Dealing with resource-constrained project scheduling issues
A few years ago I was consulting for an engineering firm in the entertainment industry. They create mechanical devices for use in movies, theme parks, broadway shows and many shows on the Las Vegas strip that rotate globes, drop superheroes from dizzying heights, and provide the audience with a seamless entertainment experience never realizing the amount have high-tech engineering and equipment that went into putting on the spectacle they were viewing.
While it’s an incredibly interesting arena to manage projects in, it also presents extreme difficulties in managing resources. Why? Because resources aren’t just developers or engineers or machine workers that you can go out and hire tomorrow, train for two weeks and then put to work. Not quite that easy. What you also have are the actual machines themselves, the resources that create the parts and pulleys and the cabling, and the wenches, and everything else that this company manufactures themselves in their shop to use on these projects they deliver on. From a project management standpoint, and speaking as a PM who has mainly dealt with human resources on projects, this was a new difficulty to overcome.
The root problem
I was working closely with the general manager at this organization because the headaches were mostly his to deal with. The President and CEO of the organization – the creative force behind the company that was bearing his name – was a great salesman…traveling the world making new sales in other countries while production was going on back home in the US. But the GM found himself trying to deliver on promises the CEO was making in these sales. This GM was trying very hard to deliver on promises made using a finite amount of equipment that was already booked solid and this presented interesting delivery issues. What they were left with was a resource-constrained project scheduling issue that was threatening to turn this industry-leading state of the art organization into a company that couldn’t deliver the goods when promised.
To remedy the situation, I created new ‘standard’ project schedule templates that could be used as starting points for all the PMs in the organization. I did this after carefully studying all current projects and several recently completed efforts…so I understood how they delivered on each project and what some of the standard components were to each engagement. I then inventoried all of the equipment – something that, unbelievably – had never really been done in a project management sense. And from that, I created a common resource pool that could be tied to all projects…allowing the GM to see what machines were overcommitted and under committed at any given moment in time.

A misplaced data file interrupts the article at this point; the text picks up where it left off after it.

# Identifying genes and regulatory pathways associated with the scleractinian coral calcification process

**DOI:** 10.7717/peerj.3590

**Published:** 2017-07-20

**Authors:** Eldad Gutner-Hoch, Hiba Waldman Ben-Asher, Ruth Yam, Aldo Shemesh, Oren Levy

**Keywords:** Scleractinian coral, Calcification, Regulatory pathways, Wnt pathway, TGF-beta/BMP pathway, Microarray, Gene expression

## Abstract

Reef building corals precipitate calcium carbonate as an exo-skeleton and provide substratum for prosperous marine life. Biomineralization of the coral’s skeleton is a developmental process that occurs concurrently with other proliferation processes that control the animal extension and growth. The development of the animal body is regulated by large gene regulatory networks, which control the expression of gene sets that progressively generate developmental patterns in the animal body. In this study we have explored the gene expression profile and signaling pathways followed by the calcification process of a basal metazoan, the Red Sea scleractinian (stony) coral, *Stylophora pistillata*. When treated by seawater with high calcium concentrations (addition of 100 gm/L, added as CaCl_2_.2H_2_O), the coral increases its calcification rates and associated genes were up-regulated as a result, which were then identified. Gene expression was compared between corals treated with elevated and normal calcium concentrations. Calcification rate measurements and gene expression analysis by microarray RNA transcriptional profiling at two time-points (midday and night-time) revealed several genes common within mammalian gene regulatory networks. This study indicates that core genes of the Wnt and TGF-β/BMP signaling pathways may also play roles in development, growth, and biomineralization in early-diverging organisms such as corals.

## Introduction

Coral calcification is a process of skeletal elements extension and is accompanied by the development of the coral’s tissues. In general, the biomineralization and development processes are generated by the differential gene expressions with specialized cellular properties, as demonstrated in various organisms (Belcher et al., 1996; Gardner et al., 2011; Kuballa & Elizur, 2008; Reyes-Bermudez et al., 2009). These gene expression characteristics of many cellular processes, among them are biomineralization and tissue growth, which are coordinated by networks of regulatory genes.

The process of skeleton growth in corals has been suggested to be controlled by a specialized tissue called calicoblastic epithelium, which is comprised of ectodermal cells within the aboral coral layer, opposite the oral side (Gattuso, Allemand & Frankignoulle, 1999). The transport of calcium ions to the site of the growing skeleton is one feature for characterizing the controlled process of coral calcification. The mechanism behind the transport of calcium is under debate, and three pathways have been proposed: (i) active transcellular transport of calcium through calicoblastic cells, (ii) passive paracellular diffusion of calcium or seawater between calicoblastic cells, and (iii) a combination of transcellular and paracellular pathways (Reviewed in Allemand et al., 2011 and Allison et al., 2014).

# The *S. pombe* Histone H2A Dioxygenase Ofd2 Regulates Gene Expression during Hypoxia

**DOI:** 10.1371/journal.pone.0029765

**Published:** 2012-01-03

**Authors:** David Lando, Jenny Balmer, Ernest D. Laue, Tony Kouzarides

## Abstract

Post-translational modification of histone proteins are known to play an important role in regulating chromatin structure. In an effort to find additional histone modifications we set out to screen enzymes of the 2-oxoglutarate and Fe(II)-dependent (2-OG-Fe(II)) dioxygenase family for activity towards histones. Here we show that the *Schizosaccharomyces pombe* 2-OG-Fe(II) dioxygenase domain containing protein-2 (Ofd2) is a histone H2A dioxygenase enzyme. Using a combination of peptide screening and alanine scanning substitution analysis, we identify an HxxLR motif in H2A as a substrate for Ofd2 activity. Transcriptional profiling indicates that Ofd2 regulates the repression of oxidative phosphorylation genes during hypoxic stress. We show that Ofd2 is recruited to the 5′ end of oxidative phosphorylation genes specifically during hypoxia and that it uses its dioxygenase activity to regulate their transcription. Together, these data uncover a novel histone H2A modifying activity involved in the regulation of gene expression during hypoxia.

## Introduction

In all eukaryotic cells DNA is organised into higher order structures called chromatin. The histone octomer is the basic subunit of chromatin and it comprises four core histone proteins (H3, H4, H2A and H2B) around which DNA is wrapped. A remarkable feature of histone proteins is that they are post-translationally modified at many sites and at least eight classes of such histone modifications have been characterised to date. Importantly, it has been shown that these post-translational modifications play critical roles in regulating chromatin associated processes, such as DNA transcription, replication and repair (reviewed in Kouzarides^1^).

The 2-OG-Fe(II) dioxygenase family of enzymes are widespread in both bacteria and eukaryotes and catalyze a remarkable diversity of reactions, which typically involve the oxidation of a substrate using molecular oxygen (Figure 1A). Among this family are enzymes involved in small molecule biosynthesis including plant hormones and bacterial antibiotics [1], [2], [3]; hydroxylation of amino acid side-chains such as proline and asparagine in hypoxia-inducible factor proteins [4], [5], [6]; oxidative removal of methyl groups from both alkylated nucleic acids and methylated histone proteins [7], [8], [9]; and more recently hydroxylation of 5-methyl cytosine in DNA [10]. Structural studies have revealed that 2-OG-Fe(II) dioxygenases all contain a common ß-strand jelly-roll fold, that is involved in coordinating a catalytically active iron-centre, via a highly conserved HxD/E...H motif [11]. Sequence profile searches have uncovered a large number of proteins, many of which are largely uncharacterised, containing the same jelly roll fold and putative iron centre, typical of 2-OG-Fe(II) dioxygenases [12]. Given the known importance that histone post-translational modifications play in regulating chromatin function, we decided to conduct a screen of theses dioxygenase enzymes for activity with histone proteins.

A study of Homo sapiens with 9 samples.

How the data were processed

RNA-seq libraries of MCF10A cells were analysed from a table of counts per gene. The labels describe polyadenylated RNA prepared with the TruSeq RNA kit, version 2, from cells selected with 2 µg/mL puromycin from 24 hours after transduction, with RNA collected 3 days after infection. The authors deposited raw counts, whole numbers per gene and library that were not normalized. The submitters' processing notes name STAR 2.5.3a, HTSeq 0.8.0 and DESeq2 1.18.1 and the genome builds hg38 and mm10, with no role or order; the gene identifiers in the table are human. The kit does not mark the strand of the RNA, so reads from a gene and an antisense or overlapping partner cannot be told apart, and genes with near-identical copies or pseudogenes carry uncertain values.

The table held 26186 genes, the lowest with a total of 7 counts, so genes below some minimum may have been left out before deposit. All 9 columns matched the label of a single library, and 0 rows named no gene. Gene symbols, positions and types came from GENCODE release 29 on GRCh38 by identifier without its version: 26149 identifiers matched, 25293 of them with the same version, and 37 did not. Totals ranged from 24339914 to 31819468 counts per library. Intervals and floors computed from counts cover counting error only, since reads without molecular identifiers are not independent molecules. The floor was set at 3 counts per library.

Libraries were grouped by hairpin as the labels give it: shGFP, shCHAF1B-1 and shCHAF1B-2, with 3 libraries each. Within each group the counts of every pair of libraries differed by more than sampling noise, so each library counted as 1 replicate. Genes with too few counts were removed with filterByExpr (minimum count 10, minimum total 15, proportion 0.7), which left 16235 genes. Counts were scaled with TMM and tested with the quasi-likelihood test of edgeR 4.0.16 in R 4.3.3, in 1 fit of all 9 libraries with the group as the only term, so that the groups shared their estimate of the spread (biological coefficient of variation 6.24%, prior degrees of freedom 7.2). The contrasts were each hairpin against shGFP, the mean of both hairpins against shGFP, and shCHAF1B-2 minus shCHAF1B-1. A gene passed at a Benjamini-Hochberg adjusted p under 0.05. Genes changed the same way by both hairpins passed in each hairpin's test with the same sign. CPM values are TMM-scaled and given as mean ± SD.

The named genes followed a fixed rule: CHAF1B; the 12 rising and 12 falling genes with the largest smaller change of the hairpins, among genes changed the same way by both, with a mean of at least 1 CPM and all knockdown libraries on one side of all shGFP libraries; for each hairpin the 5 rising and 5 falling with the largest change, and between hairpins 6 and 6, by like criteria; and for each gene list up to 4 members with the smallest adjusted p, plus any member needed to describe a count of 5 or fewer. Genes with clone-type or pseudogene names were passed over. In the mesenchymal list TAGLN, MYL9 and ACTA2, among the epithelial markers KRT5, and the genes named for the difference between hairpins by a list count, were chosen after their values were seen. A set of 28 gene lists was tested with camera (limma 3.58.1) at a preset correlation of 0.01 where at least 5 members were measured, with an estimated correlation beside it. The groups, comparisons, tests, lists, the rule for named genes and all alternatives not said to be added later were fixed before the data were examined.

It’s nice to have lots of work. It’s usually easy – if your organization is thriving – to hire more human resources to perform work such as application development, testing, data integration, and research or engineering tasks. But don’t forget about the non-human resources. Especially if you’re working in a specialized industry where you may not be able to just go out and buy whatever you need to fill in the gaps. If something has to be designed and developed or crafted – as was the case for this organization if they wanted to meet higher demand – then the lead time for something like that may far exceed any learning curve you would need to build in when working solely with resources of the human type.
This is a guest post from Brad Egeland who is an IT/Project Management consultant and author with over 25 years of software development, management, and project management experience leading initiatives in Manufacturing, Government Contracting, Gaming and Hospitality, Retail Operations, Aviation and Airline, Pharmaceutical, Start-ups, Healthcare, Higher Education, Non-profit, High-Tech, Engineering and general IT. Brad is married, a father of 9, and living in sunny Las Vegas, NV. Visit Brad's site at http://www.bradegeland.com/.